The European Central Bank has done a better job in the last two years than the Federal Reserve, which ignored the inflationary consequences of the US’s outsized fiscal response to the pandemic for far too long. Nonetheless, the ECB is now at risk of making a standard policy error.
Having stuck to an overly loose monetary stance for too long in 2021, the ECB now seems inclined to overdo its response to inflation. After underestimating the structural uptrend in inflation that started in 2017 amid emerging labour shortages, the ECB now seems to be overestimating the inflation pressures that will persist after the current spike in energy, food and transport costs has run its course. The modest decline in euro area inflation to 10% in November from 10.6% in October, largely due to less elevated oil prices, suggests that the worst of the imported inflation shock could soon be over.
Raising rates by 50 basis points on 15 December to 2.5% for the main refinancing rate makes sense. But going beyond that in 2023 would go too far. Euro area demand does not need to be reined in by tightening policy beyond such a roughly neutral level.
To assess the genuine inflation risks, look at demand first.
Backward-looking data seem to show a significant contribution of demand to current core inflation in the sense that prices and sales volumes have rebounded at the same time for many goods and services since mid-2020. However, this largely reflects the post-lockdown reopening of economies rather than a genuine strength in consumer demand.
Euro area private consumption has not yet risen above its pre-pandemic level in real terms. In the fiscally supercharged US, consumers spent 7.1% more in real terms in Q3 2022 than they did in late 2019.
Looking ahead, Europe’s winter recession will be disinflationary, and probably more so than usual. The fall in private consumption will play a bigger role in this downturn than in past recessions. The 2.8% monthly drop in German retail sales in October may be a harbinger of bad news to come.
Now consider the interaction of demand with supply. In her La Toja speech of 30 September, Isabel Schnabel, ECB board member, argued that the energy crisis will hurt demand and supply and that the net impact on the balance of supply and demand is uncertain. However, economic logic and the available data suggest that demand will fare much worse than supply.
Consumer confidence (demand) has plunged far lower than business confidence (supply and demand). Despite an uptick helped by government measures to limit the pain, consumer confidence remains close to a record low. Scared stiff by record bills for bare essentials such as energy and food, consumers will not open their purses for other items any time soon.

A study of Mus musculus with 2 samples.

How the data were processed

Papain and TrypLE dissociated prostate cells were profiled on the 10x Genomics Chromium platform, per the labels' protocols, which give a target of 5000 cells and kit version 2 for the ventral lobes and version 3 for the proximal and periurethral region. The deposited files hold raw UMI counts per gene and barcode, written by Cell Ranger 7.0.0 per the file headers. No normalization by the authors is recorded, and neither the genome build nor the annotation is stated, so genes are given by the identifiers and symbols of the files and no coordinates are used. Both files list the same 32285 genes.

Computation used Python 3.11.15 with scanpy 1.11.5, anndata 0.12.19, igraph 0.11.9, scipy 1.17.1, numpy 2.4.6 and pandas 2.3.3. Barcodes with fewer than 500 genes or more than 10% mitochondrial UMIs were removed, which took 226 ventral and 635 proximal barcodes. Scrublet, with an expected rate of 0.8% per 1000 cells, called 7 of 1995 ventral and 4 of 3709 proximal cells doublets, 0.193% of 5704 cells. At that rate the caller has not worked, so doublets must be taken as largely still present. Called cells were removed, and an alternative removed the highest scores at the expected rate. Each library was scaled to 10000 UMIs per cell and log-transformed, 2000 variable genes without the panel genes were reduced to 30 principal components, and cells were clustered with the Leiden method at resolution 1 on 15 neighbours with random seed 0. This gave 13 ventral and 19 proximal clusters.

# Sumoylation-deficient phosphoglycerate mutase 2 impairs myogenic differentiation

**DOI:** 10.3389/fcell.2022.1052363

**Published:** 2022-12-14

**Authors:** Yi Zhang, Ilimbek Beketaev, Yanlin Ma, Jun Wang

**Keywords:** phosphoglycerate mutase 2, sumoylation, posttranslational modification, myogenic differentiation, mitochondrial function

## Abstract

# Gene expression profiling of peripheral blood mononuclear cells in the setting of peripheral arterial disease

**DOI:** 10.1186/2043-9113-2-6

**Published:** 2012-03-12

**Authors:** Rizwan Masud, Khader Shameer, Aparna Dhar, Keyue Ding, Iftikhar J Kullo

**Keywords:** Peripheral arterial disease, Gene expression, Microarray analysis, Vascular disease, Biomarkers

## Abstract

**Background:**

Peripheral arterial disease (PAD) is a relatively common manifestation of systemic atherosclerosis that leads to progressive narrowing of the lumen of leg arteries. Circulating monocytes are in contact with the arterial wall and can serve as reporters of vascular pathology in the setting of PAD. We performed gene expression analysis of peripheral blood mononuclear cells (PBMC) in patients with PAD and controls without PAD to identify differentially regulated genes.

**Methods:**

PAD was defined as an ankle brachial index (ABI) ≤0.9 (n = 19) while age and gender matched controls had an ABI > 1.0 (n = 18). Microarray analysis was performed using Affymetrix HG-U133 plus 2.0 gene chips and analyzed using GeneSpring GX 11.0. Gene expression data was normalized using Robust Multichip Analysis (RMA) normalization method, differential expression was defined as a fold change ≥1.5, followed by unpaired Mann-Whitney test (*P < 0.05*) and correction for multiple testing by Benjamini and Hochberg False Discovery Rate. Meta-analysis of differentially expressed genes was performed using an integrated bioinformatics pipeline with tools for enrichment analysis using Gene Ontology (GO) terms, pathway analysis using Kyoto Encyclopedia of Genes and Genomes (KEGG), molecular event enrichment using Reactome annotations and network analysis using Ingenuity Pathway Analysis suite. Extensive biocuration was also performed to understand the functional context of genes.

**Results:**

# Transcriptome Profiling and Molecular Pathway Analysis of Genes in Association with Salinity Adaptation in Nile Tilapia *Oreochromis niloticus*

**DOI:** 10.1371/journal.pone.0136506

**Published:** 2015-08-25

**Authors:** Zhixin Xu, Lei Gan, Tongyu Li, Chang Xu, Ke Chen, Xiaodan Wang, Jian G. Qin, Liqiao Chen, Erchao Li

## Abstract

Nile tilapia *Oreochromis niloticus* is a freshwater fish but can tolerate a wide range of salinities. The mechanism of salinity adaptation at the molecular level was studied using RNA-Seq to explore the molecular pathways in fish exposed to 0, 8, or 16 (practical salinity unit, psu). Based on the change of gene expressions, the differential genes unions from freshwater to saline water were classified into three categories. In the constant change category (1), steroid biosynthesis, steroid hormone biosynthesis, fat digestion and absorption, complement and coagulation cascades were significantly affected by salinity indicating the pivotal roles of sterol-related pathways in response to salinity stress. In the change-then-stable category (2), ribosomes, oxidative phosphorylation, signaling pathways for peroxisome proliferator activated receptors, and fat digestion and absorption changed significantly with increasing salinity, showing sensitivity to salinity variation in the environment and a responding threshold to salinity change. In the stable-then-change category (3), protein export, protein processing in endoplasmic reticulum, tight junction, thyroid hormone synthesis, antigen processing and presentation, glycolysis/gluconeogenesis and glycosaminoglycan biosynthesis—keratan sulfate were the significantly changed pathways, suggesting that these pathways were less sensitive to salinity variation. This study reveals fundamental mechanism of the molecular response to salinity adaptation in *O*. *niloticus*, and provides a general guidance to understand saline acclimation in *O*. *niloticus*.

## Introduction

Across all major surveys, businesses report a major fall in new orders (demand) but a significant easing of supply chain pressures (supply). Corporate pricing power is evaporating rapidly.
Some businesses are shutting down production in response to the energy shock. In the non-tradable sector, some companies cannot pass on their higher energy bills to customers. However, that apparent destruction of supply reflects a weakness in demand that no longer allows some local bakeries to raise prices in line with costs, for instance.
In the tradeables sector, some firms are closing the most energy-intensive lines of production because the product (for example ammonium) can be imported less expensively from abroad. For the inflation outlook, however, this is only a minor loss of supply. Foreign supply fills the breach at modest extra costs. As resources are freed up at home, changes in the production pattern in response to a shift in relative prices will be almost neutral for aggregate supply in the policy-relevant medium term.
The ECB correctly points to a broadening of inflation. But beyond the post-pandemic reopening effects for some services such as hospitality and tourism, this largely reflects the pass-through of higher energy costs. For example, my Berlin hairdresser raised her prices by 20% four weeks ago because of the heating bill – and not because her clients are using her services more often.
In the wake of two dramatic shocks – a pandemic followed by a war on the doorstep of the European Union – the outlook is even more uncertain than usual. The ECB has to weigh the risks carefully. To some extent, the ECB may want to err on the side of tightening too much rather than too little. Once inflation expectations have become unanchored, which is not yet the case, the fight against inflation would become harder and more costly.
But an unnecessarily deep or long recession would also carry risks. For example, what could be the impact on geopolitical risks – and on energy prices – if a deep downturn in Europe bolsters Vladimir Putin’s hope that Europe’s resolve to fully support Ukraine will weaken over time, potentially encouraging him to go on and on? We do not know the answer.
Such geopolitical risks argue for caution both ways. Once rates have reached a roughly neutral level, the ECB should take care to not make Europe’s disinflationary winter recession even more painful than it will probably be anyway.
Holger Schmieding is Chief Economist at Berenberg.